Last week, amid widespread media criticism of attorney Paul Clement’s apparent misstatements to the U.S. Court of Appeals for the Second Circuit in connection with the Tom Brady appeal, New York Law School professor Robert Blecker sent a letter to the appeals court pointing out various alleged factual errors from the brief signed and oral argument presented by Clement on behalf of the NFL.
Earlier this week, Clement responded to Blecker’s letter. The NFL has forwarded to PFT a copy of Clement’s three-page response dated March 21.
In attempting to dismiss Blecker’s letter as “procedurally improper and wholly unfounded,” Clement initially explains that counsel for the NFL Players Association “had more than adequate opportunity to respond in the ordinary course,” both in the NFLPA’s written materials and at oral argument. Clement also chastises Blecker for not raising his concerns regarding alleged misstatements from Clement’s opening brief in Blecker’s “friend of the court” brief but instead through a post-argument letter submitted directly to the court. As a practical matter, it’s a lawyer’s way of complaining not about the substance of the argument but the way the argument was presented.
Clement then addresses the alleged misstatements, one at a time. As to the contention that Clement incorrectly suggested that Jim McNally referred to himself as “the deflator” in multiple text messages instead of only in one, Clement tries to turn the tables by suggesting that Blecker misinterpreted Clement’s full statement: “In messages dating back to May 2014 and continuing during the 2014-2015 season, McNally referred to himself as ‘the deflator’ and the two discussed deflation using ‘needles.'”
While it’s indeed incomplete to suggest based on the full quote that Clement suggested that McNally referred to himself as “the deflator” in May 2014 and throughout the 2014-2015 season, there’s an artful sort of deception lurking in the way the sentence was constructed, allowing Clement to claim, when push comes to shove, that he was technically being truthful despite the fact that, in reality, he was blurring the lines — and surely not accidentally.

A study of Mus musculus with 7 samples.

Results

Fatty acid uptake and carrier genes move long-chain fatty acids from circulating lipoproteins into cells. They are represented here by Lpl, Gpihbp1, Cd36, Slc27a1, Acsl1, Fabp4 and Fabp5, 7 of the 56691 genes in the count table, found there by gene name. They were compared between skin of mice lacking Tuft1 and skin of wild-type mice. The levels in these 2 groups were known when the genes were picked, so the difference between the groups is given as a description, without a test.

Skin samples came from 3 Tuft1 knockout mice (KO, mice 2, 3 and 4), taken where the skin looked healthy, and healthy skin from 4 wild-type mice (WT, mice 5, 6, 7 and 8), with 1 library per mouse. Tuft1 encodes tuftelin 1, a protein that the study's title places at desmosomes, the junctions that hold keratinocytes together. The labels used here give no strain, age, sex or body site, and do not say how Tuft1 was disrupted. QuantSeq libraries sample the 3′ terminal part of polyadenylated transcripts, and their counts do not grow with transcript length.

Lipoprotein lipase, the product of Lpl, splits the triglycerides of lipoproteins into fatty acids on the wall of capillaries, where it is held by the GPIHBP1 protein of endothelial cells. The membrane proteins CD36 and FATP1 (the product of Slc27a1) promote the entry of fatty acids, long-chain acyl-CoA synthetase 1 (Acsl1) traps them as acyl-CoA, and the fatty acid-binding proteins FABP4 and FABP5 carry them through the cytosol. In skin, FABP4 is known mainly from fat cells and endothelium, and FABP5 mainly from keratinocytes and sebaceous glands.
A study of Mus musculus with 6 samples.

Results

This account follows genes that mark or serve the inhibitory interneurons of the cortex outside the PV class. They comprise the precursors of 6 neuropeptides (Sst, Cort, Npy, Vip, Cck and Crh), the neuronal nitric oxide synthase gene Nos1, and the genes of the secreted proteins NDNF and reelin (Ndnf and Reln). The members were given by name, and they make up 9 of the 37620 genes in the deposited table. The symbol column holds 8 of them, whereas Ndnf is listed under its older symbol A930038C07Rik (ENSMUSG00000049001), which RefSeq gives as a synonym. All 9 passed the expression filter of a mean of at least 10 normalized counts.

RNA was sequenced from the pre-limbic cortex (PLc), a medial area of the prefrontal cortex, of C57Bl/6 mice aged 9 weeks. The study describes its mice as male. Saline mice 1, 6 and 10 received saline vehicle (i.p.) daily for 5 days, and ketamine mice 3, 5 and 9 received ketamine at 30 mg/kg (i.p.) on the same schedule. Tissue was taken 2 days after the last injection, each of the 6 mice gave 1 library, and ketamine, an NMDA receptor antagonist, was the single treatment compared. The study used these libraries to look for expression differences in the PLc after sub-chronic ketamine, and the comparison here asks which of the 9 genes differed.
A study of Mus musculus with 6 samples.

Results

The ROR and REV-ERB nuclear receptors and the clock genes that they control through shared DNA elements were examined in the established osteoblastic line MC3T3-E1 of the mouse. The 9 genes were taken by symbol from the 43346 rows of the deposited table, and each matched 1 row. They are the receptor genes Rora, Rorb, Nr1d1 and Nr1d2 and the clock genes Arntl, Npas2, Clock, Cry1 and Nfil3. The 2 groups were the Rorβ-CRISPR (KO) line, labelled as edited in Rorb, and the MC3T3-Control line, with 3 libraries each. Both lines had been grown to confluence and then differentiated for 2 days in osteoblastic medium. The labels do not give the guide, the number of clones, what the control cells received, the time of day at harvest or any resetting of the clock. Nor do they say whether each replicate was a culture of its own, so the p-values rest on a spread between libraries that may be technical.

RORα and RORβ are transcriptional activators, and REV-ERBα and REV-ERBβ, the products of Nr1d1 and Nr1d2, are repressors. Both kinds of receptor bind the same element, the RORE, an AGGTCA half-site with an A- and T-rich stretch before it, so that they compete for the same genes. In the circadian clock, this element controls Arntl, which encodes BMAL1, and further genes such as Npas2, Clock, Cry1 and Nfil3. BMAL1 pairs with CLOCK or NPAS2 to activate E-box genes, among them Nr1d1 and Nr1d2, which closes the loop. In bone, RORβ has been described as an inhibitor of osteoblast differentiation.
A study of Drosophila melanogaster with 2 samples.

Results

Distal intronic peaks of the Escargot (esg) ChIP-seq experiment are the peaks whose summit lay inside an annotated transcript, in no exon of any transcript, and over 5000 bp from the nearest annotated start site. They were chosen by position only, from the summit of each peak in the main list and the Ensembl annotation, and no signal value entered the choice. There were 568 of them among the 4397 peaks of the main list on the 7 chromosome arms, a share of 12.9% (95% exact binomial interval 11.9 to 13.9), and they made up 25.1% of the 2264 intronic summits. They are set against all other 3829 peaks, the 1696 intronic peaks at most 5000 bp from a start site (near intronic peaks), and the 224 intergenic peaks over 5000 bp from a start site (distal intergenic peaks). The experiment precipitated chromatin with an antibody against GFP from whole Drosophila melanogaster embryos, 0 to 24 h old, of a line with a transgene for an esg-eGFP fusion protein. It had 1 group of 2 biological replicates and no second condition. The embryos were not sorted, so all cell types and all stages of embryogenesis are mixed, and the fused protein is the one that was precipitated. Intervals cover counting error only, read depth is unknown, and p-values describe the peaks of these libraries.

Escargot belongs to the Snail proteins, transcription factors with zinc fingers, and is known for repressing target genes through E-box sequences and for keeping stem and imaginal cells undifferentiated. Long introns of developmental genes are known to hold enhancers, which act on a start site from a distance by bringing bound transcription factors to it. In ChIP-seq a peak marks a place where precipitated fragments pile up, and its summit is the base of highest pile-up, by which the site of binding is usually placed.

As to the assertion that Clement told the appeals court that Brady’s counsel was present for many of the interviews conducted as part of the #Deflategate investigation when in reality Brady’s lawyers were present only for his own interview, Clement calls the statement immaterial to the argument in support of the position that Brady’s lawyers had no right to receive notes of interviews they did not attend. Regardless of how central the misstatement is to the argument, however, it’s still a misstatement — one that Clement’s letter does not correct or apologize for.
Regarding Blecker’s contention that Clement presented information regarding PSI measurements from halftime of the AFC title game between the Patriots and Colts in a misleading way, Clement claims that the statements regarding the PSI measurements are technically accurate, and that Blecker “simply disagrees with the damaging inference that the Commissioner drew from those undisputed facts.” Regardless, the PSI information is indeed presented in a misleading way.
Finally, as to Blecker’s position that Clement repeated the misstatement from Commissioner Roger Goodell’s internal appeal ruling regarding Brady’s explanation for the uptick in communications with John Jastremski after the deflation controversy emerged, Clement presents a convoluted word salad aimed at justifying the conclusion that Brady lied because he tried to justify the increased communications with Jastremski by pointing to the task of preparing footballs for the Super Bowl, not to the sudden urgency to talk arising from the investigation into potential cheating. In this regard, our item from August 4 says all that needs to be said on the matter.
Despite Clement’s protest regarding the format used by Blecker to raise the issue or the suggestion that Blecker obtained the January 26, 2016 letter placing Clement on notice of potential misstatements in his brief directly from the Patriots’ outside counsel, Blecker’s letter accomplished its goal — the appeals court is now aware of the issue. Given that the hearing from March 3 apparently didn’t go so well for Brady’s side of the argument, the tactic can’t hurt. Especially if the appeals court believes that Clement did indeed misstate the facts, and if the appeals court concludes that his letter doesn’t go nearly far enough when it comes to clarifying the record.